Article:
One of the best ways to ensure that HGVs are safe is to make sure that drivers stick to their specific driving hours. If a driver is too tired due to being overworked, then they can easily become unfocused which can lead to them making poor decisions while driving. The thing about driving HGVs is that it only takes a moment of poor judgement or sleeping at the wheel to cause a devastating accident. Of course, we have a StopSafe system to help prevent this issue, but it is best to avoid this situation at all costs.
It is very important that both employers and HGV drivers are fully knowledgeable about their obligations especially when it comes to driver hours. It is challenging to plan out driving schedules since the type of work that needs to be done varies. So, be sure to look at the guide below.
UK HGV driving hour limitations
The main rules are set according to the EU regulations which are based on British law. Some of these rules are:
- HGV drivers can only drive for up to 9 hours on a daily basis. It is possible to increase this to 10 hours per day, but note that this can only be done two times for the week.
- The maximum number of hours a driver is allowed to drive is 56 hours per week.
- On a fortnightly basis, the maximum number of hours is 90 hours.
There are also legally mandated breaks that every HGV driver needs to take. Each break should be a minimum of 45 minutes. Drivers can drive continuously or over shorter spaces of time. In any case, once a driver has been driving for 4 hours and 30 minutes, they will have to stop for a 45-minute break.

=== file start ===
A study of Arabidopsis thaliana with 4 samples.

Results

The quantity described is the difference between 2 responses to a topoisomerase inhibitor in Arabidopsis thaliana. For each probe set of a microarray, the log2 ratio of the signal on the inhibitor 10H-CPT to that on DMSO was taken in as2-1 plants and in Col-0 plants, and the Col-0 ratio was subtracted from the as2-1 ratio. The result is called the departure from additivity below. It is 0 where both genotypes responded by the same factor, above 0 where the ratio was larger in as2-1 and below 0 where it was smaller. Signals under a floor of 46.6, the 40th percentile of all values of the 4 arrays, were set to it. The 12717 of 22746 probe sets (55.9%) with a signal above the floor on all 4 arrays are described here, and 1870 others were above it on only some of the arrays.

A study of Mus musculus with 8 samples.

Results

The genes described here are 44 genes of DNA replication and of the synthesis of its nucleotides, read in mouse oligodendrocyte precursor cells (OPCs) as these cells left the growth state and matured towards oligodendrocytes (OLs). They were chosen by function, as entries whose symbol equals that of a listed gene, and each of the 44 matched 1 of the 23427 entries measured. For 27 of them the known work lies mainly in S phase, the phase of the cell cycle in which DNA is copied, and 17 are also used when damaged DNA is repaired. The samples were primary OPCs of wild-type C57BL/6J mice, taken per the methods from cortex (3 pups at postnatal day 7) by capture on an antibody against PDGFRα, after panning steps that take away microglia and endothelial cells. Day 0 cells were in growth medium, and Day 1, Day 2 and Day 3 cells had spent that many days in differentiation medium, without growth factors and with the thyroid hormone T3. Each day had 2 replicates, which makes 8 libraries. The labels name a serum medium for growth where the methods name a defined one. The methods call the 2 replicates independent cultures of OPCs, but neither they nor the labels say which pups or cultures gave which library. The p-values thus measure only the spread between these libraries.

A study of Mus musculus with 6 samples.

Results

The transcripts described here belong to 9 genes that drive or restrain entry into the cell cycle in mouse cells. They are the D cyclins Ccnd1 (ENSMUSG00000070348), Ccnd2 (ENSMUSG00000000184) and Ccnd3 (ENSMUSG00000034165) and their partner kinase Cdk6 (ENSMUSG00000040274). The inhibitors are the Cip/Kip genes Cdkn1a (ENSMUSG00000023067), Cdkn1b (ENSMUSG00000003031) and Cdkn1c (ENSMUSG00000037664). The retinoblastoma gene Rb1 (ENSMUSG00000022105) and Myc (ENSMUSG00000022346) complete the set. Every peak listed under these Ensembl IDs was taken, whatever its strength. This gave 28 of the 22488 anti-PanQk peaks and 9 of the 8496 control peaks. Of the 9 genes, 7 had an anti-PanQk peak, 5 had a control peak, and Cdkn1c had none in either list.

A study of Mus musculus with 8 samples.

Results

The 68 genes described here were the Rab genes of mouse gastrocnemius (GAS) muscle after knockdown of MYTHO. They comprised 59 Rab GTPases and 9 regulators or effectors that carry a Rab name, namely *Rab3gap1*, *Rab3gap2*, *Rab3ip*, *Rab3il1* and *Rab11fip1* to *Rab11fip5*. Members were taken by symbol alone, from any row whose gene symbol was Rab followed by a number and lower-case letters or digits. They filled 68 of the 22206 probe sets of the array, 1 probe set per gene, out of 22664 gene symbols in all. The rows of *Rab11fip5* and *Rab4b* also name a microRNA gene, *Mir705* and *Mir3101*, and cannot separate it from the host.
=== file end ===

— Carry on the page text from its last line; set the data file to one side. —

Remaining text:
In a similar fashion to driving, the break can be taken in one period or it can be split up in a split break. Basically, a split break is where the driver takes a 15-minute break and then drives for a short period and then has another 30-minute break.
In the event that the first break in a split break is less than 15 minutes then it isn’t seen as a break. That time is also not referred to as driving time. In order for a split break to count, it needs to be at least 15 minutes followed by another break that is at least 30 minutes. If the timing of these breaks isn’t honoured, then this is a criminal offence by both the fleet manager and HGV driver. If you are looking for HGV driver training then see here.
Working and driving time differences
Even though these two times may seem to be the same, that is not the case. The time that is spent driving is known as driving time and working time is anything that is done in relation to the company’s operation.
Some of these tasks include:
- Getting the HGV loaded or offloaded
- Cleaning the vehicle
- HGV maintenance
- Admin work
- Checking the vehicle for issues and reporting any issues
- Job training that are industry specific
- CPC training
- Monitoring any activities related to offloading or loading
- Waiting periods that were not predicted
So, as you can see, driving is a part of working time. The working time hours aren’t controlled in the same manner as the driving time hours. Be sure to check out the comprehensive guide that fully covers all the details.